Ever since former CIA employee Edward Snowden leaked information about the top secret PRISM program – a government system for monitoring vast amounts of electronic data – people have been asking what, exactly, the government does with all that data.
The paranoid imagine that government eavesdroppers are listening in on their phone conversations and reading their intimate emails. Government officials assert that the system is used exclusively to fight terrorism, with a number of important successes. But given the vastness of the PRISM system and the large number of people with access to it, it’s reasonable to assume that much more than just fighting terrorism is going on.
Back in 2000, it was revealed that Britain, the U.S., Canada, Australia and New Zealand had established a joint intelligence gathering system called Echelon which searched for keywords in faxes, telexes and emails. There were strong suspicions in Europe that Echelon was being used to help American companies compete against those based in Europe.
It is not known what relationship there may be between PRISM and Echelon, but it is plausible to assume that PRISM is an extension of Echelon. If so, it increases the likelihood that PRISM has an economic component and is not limited to antiterrorism efforts.
The possibility that PRISM is being used for economic espionage was hinted at by Snowden in a little-noticed statement to The Guardian newspaper, which broke the PRISM story on June 9. It its initial report, it said this about Snowden:
He described as formative an incident in which he claimed CIA operatives were attempting to recruit a Swiss banker to obtain secret banking information. Snowden said they achieved this by purposely getting the banker drunk and encouraging him to drive home in his car. When the banker was arrested for drunk driving, the undercover agent seeking to befriend him offered to help, and a bond was formed that led to successful recruitment.
Of course, it’s possible that the CIA suspected this Swiss banker of being the conduit for terrorist financing, but that is very unlikely. There are many illegal activities that secretive Swiss banks will happily accommodate, such as tax evasion, but they draw the line at facilitating terrorism.
It is much more likely that the CIA was after information that would fall more into the category of economic espionage, which would include efforts to get secret information on Americans and U.S.-based corporations engaging in tax evasion. This is an area where the U.S. and Switzerland have been at loggerheads for years.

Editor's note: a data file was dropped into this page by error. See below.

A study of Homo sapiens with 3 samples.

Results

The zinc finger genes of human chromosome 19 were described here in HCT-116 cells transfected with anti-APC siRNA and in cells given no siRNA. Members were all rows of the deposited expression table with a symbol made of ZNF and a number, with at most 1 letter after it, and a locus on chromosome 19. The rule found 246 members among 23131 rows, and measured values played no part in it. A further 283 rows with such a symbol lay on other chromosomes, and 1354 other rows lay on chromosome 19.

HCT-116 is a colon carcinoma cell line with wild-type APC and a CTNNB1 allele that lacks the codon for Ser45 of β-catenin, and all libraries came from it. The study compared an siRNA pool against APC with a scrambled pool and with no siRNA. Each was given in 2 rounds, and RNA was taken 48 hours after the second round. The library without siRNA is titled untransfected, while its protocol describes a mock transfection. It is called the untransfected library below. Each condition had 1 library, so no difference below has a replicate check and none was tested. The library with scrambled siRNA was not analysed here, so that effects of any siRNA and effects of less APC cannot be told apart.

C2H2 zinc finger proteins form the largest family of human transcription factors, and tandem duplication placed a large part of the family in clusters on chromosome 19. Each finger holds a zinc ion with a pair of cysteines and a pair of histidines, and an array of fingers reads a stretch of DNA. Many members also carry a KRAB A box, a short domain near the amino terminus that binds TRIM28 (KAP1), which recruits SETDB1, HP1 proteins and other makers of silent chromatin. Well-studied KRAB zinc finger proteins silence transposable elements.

But economic espionage may encompass far more. It is a murky area of intelligence and counterintelligence that has grown significantly over the last 20 years as both businesses and governments seek trade secrets and commercial information through computer hacking.
It is not known how much of this goes on because the victims may not be aware of it. Moreover, when businesses are aware, they are loathe to make the information public lest its customers and clients quickly go to their competitors. Who would keep their money in a bank known to have had its computers hacked?
Of course, one legitimate interest security officials may have in the area of economic espionage would be fending off foreign efforts to steal American trade secrets. China has long been suspected of having engaged in major efforts to steal technology from the U.S. There are documented cases in which Americans have been convicted of this. For example, a former Boeing engineer went to jail in 2009 for stealing data from Boeing for China.
The theft of technology that may have military application is clearly unacceptable. But there is a much grayer area of economic espionage that may cross the line. That would be when U.S. intelligence officials help American companies get contracts and make profits at the expense of businesses with headquarters in countries generally viewed as allies.
Two years ago, The New York Times reported that U.S. government officials routinely use their positions to aid American companies in getting foreign contracts. While the article did not mention the sharing of secret intelligence from programs such as PRISM, it did name officials at the State Department who undoubtedly had access to such intelligence. It would be naïve to think that their actions were not informed by it.
In 1997, Congress enacted the Economic Espionage Act to make the theft of trade secrets from businesses a federal crime. However, many members of Congress believe that it does not go far enough in an era when computer hacking and satellite imaging has largely replaced James Bond.
A year ago, the House Committee on Homeland Security held a hearing on economic espionage and on May 16 of this year the House Committee on Science, Space, and Technology did also. In each case, the witnesses emphasized that the law and existing cyber-security methods are inadequate to guard against foreign threats.
On June 6, Sen. Ron Johnson, Republican of Wisconsin, and Rep. Mike Rogers, Republican from Michigan, introduced companion legislation (S. 1111, H.R. 2281) to improve cyber economic security. Last month, Sen. Carl Levin, Democrat of Michigan, also introduced legislation (S. 884) to deter economic espionage in cyberspace.
While legislation may help the fight against economic espionage from abroad, most of what needs to be done is for private firms to be more aware of the threat. The federal government’s Office of National Counterintelligence Executive has been issuing reports for some years calling attention to the threat of economic espionage and how businesses can better protect their valuable trade secrets.
If, however, it turns out that U.S. intelligence officials have been engaging in the same activity that we berate foreigners for doing, our moral authority in this area will be greatly diminished and efforts to enlist allies in the fight against economic espionage will fall on deaf ears.